For those of you have not read our blog, we are happy you decided to come check us out. We are twins who used to be school teachers and now are stay at home moms to our combined 8 children. We have set up the blog so that every day is something new. We blog about funny stories, economics, recipes, travel, etc. You name it, we blog about it.
To celebrate a year of blogging, we are doing a drawing to give away a 30 oz YETI TUMBLER!!!! Here are the rules:
Thanks so very much! Now we hope you enjoy our blog about our oldest sister April who spent 13 years working on a fishing boat in Alaska!Our sister April spent 13 years fishing in the Bering Sea off of the Alaskan Coast. Many of our family and friends have no idea that one of the Skelly girls fished in the same seas at the same time as the boats that were featured on the Deadliest Catch.
Today’s blog was inspired by our trip to Lake McQueeney with our oldest sister April and her beautiful daughter Olivia. We decided to interview her about her adventures being the head cook on a commercial fishing in the seas of Alaska.
90 days…long hours…no days off!
I quit college, moved to Seattle and stayed with my crazy grandma. Within two weeks I saw an ad in the paper for factory workers on the processing vessels that sailed from Seattle to Alaska. I was 23 years old and ready to start a new adventure.
Question: How did you end up doing it for 13 years?
It was very lucrative. Don’t get me wrong, it was long hours. We worked 90 days, 16 hours, with no days off. We worked hard, but got paid well. Everything we made was profit because we had no living expense while working on the boat. Our accommodations and food were all taken care of. Question: How much money did you make?
I made $6000 in 6 weeks which was good money. Usually I averaged about $10,000 -15,000 thousand for for 90 days until I became head cook. I averaged about $10,000 a month at the end of my tenure fishing. If you were smart, you saved your money and invested in something. If you have ever heard of the fast food company called Raising Cane’s, the owner worked on these boats to save money to start his business.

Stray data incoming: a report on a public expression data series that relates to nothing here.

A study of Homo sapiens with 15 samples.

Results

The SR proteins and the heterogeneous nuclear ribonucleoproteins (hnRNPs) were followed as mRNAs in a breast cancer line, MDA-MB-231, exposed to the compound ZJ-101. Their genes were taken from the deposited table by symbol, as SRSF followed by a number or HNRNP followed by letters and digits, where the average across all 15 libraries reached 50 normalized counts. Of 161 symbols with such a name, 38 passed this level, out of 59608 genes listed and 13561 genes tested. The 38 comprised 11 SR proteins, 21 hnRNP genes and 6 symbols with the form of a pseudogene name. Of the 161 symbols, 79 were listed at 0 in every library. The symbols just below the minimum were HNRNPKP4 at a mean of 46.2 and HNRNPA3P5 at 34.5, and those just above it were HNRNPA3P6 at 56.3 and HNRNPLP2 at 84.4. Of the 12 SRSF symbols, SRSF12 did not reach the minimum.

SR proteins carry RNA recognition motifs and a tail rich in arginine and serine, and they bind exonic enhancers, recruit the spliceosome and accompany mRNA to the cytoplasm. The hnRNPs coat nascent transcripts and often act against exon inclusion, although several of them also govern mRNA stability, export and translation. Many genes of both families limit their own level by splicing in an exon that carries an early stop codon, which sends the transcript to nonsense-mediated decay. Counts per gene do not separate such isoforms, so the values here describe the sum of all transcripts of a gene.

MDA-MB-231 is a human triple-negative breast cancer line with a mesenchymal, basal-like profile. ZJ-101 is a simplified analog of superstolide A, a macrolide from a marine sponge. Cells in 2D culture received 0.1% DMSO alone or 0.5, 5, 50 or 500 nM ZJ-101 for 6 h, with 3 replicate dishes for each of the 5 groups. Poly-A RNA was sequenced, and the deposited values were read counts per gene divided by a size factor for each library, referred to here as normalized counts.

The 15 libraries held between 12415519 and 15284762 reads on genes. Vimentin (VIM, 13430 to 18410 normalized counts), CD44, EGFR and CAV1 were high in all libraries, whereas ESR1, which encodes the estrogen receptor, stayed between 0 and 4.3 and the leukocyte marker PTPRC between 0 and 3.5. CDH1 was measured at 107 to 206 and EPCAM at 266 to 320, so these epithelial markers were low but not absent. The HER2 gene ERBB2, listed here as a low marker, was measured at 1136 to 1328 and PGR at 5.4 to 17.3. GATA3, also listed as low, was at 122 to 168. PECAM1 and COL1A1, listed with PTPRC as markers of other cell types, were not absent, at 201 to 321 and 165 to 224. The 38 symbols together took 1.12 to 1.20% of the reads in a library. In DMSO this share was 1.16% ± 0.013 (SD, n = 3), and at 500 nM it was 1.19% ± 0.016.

How I came across the ad in the paper
I was in Seattle and looking for a job. I saw an ad in the paper advertising for workers on a boat that processed fish. I didn’t know the backstory then, but this boat, The Snow King (my very first boat) was a train wreck. When workers go out to sea on these fishing vessels, they are promised a percentage of the total profit. If the boat does not end up making money, the worker gets a set daily rate (around $50.00 a day). The Snow King had just come into port and did not make a profit. The crew was angry because they had just spent three months of their life making no money. I saw the ad in the paper and thought it sounded like an adventure.
I am lucky because when I got hired on The Snow King, the captain decided to try fishing for a new type of fish. My first season was a big success and I made lots of money. I was hooked on the big paycheck that came (and no living expenses) after working for three months. There were very few females working on the fishing boats. It was a man’s industry and women were not a huge part of it. I started out in the processing part of the ship and ended my career as the head cook on the boat. Only the higher ups had their own room because space was limited. Most of the boats I worked on had about 100 crew members, and averaged 4 or 5 females. I have lots of fun memories.
Question: How long were your fishing seasons?
Everyone was required to sign a 90 day contract. If you quit in the middle of a season, you were required to pay the boat back for all the expenses they incurred for you. You were not allowed to come out and watch television in the TV common rooms. You had to stay in your cabin until you got back into port. There were bad feelings associated to anyone who quit early. This caused the other workers to pull up the slack and work harder.
One trip, there were two brothers who were called the Flander Brothers. They were Mormons who just knew that they were going to become rich! They joined us in Dutch Harbor (this is where a lot of the boats from the TV show the Deadliest Catch come from). The Flander Brothers were very religious and sold everything they owned to get to Dutch Harbor. The brothers had a hard time from the first moment they boarded the boat. After a few days on the ship, they went to the captain complaining about the foul language used by the crew. (I guess they have never heard the saying cursing like a sailor). The captain basically laughed in their faces and told them to toughen up.
The Flander brothers lasted five days before they quit. They decided that they couldn’t handle the cursing, the smell of the fish, and the long sixteen hour days. When they quit, they had to automatically pay the company $20 a day for room and board.
Almost all fishing companies will pay for quitters to fly back to the states. The Flander Brothers happened to be with a company that said you were on your own and had to get yourself back to the states if you quit. The Flander Brothers were lucky, though, because there was a Mormon family in Dutch Harbor that housed them and the Mormon church paid their airfare back home.
We did, though, joke throughout the trip for all of the people who were being slackers, “Stop being a Flander!”
So there you go, our sister April, Alaskan fisherwoman. She has promised to guest blog other interesting fisher stories. Stayed tuned for the Spam Story!
Our question for you, who is ready to go work on a fishing boat? If you are, here is a company that is hiring!